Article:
AEPD - PS/00027/2019

LogoES.jpg
Authority: AEPD (Spain)
Jurisdiction: Spain
Relevant Law: Article 5(1)(b) GDPR
Article 83(5) GDPR
Type: Complaint
Outcome: Upheld
Decided: n/a
Published: 6. 3.2020
Fine: None
Parties: Anoymous
Ministry for Internal affairs
National Case Number/Name: PS/00027/2019
European Case Law Identifier: n/a
Appeal: {{{Appeal_To_Status}}}
Original Source: AEPD (in es)
Initial Contributor: {{{Initial_Contributor}}}

The AEPD issued a reprimand to the Ministry of internal affairs due to their misuse of surveillance cameras in a police station. The controller did not inform about the specific purposes of the surveillances cameras which were used for the employees' monitoring and, thus, breached the principle of purpose limitation.

English Summary[edit | edit source]

Facts[edit | edit source]

Prior to the entry in force of the GDPR, a police inspector requested a copy of the surveillance cameras in a police station. Although the cameras were installed for the “security and protection” of the detainees and the police station, he requested the copy to check if one of the police officers followed his instruction: to wear the regulatory uniform. While, there was no proof that disciplinary procedure has been initiated, the copy of the images has been delivered.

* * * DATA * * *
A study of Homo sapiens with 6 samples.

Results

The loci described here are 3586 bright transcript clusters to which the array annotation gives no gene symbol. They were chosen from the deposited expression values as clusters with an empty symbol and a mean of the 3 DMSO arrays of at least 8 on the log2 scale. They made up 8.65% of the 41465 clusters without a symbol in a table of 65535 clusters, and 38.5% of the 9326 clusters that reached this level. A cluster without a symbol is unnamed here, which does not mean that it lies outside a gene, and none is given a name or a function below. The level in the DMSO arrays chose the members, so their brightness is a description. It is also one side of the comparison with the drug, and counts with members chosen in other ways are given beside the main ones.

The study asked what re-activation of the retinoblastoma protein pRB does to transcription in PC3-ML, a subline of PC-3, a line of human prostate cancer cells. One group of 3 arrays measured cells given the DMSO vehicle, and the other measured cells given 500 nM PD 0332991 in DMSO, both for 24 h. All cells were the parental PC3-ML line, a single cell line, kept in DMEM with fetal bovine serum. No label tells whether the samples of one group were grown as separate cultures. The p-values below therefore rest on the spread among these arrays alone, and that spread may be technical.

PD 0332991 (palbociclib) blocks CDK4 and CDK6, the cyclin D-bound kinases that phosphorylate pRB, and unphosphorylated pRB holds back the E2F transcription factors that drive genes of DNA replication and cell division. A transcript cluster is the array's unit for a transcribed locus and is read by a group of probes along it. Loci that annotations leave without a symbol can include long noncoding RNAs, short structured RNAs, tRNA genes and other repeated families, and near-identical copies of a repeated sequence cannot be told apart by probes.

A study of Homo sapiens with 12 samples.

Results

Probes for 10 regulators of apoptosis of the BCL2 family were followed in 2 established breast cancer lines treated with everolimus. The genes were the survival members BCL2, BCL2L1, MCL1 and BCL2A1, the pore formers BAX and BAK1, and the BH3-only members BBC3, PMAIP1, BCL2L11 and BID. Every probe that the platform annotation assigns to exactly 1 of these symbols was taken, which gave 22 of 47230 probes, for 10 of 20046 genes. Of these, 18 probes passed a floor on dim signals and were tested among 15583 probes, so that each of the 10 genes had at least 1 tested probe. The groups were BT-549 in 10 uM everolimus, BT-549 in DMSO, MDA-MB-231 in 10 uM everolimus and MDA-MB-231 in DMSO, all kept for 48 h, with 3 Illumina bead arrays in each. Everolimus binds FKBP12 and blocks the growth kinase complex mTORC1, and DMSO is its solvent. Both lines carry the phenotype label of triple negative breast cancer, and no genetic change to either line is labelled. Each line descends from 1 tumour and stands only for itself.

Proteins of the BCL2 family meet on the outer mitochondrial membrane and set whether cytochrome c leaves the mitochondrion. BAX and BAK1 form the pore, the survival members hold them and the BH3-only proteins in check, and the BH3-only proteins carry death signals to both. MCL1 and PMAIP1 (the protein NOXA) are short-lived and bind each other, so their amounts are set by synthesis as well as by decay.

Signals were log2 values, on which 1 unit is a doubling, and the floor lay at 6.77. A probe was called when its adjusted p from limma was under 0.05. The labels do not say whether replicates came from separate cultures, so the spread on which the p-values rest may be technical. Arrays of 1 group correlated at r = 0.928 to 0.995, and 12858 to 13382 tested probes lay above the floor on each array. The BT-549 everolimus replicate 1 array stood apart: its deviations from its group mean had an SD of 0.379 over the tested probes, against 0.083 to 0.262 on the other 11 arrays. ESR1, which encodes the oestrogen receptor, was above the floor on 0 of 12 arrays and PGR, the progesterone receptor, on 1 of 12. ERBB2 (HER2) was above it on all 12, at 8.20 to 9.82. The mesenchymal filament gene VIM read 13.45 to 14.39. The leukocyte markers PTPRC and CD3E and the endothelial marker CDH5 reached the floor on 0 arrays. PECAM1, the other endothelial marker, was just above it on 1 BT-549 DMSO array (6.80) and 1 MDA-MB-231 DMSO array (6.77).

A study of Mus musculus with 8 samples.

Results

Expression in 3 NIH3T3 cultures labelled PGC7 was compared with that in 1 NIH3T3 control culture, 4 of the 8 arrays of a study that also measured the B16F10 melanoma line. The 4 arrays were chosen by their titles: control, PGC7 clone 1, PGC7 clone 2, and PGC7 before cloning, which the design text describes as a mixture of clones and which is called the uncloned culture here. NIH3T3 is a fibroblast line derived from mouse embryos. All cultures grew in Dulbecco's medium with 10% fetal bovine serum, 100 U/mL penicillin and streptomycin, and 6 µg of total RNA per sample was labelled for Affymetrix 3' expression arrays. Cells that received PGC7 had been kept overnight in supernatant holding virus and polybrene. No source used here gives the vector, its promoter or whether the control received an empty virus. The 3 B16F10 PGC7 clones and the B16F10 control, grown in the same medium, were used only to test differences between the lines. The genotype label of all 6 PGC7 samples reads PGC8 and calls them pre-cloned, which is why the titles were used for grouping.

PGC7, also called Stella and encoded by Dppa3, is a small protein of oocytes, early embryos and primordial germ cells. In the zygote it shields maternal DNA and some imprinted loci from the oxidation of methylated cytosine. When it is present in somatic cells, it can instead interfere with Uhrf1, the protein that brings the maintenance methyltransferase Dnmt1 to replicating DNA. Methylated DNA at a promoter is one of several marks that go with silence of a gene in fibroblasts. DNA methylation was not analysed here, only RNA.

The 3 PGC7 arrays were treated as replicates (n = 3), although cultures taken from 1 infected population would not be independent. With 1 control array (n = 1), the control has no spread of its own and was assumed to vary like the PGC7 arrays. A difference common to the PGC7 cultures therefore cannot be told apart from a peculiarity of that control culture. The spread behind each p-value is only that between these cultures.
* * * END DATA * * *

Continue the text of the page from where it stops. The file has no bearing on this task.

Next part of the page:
The employee filed a complaint with the AEPD.

Dispute[edit | edit source]

The question was whether the information on the use of surveillance cameras for “security and protection” was sufficient to cover employees’ surveillance.

Holding[edit | edit source]

The AEPD ruled that the use of the cameras for the employees' surveillance was against the principle of purpose limitation, Article 5(1)(b) GDPR.

Indeed, the controller carried out a disciplinary control though surveillance cameras and did not inform the affected data subjects accordingly. Insofar the data subjects have not been properly informed of the surveillance specific purpose, the controller could not have legitimated the processing disputed on the consent.

The APED ruled that it constituted a misused of the system and as mentioned in another court case-law, “it was necessary to expressly, precisely, clearly and unequivocally inform the workers of the monitoring purpose with a prior notice” and that “it should specify the characteristics and scope of the data processing to be carried out, i.e. in which cases the recordings could be examined, for how long and for what purposes, explaining in particular that they could be used to impose disciplinary measures for breaches of the employment contract”.


The decision below is a machine translation of the **Spanish** original. Please refer to the **Spanish** original for more details.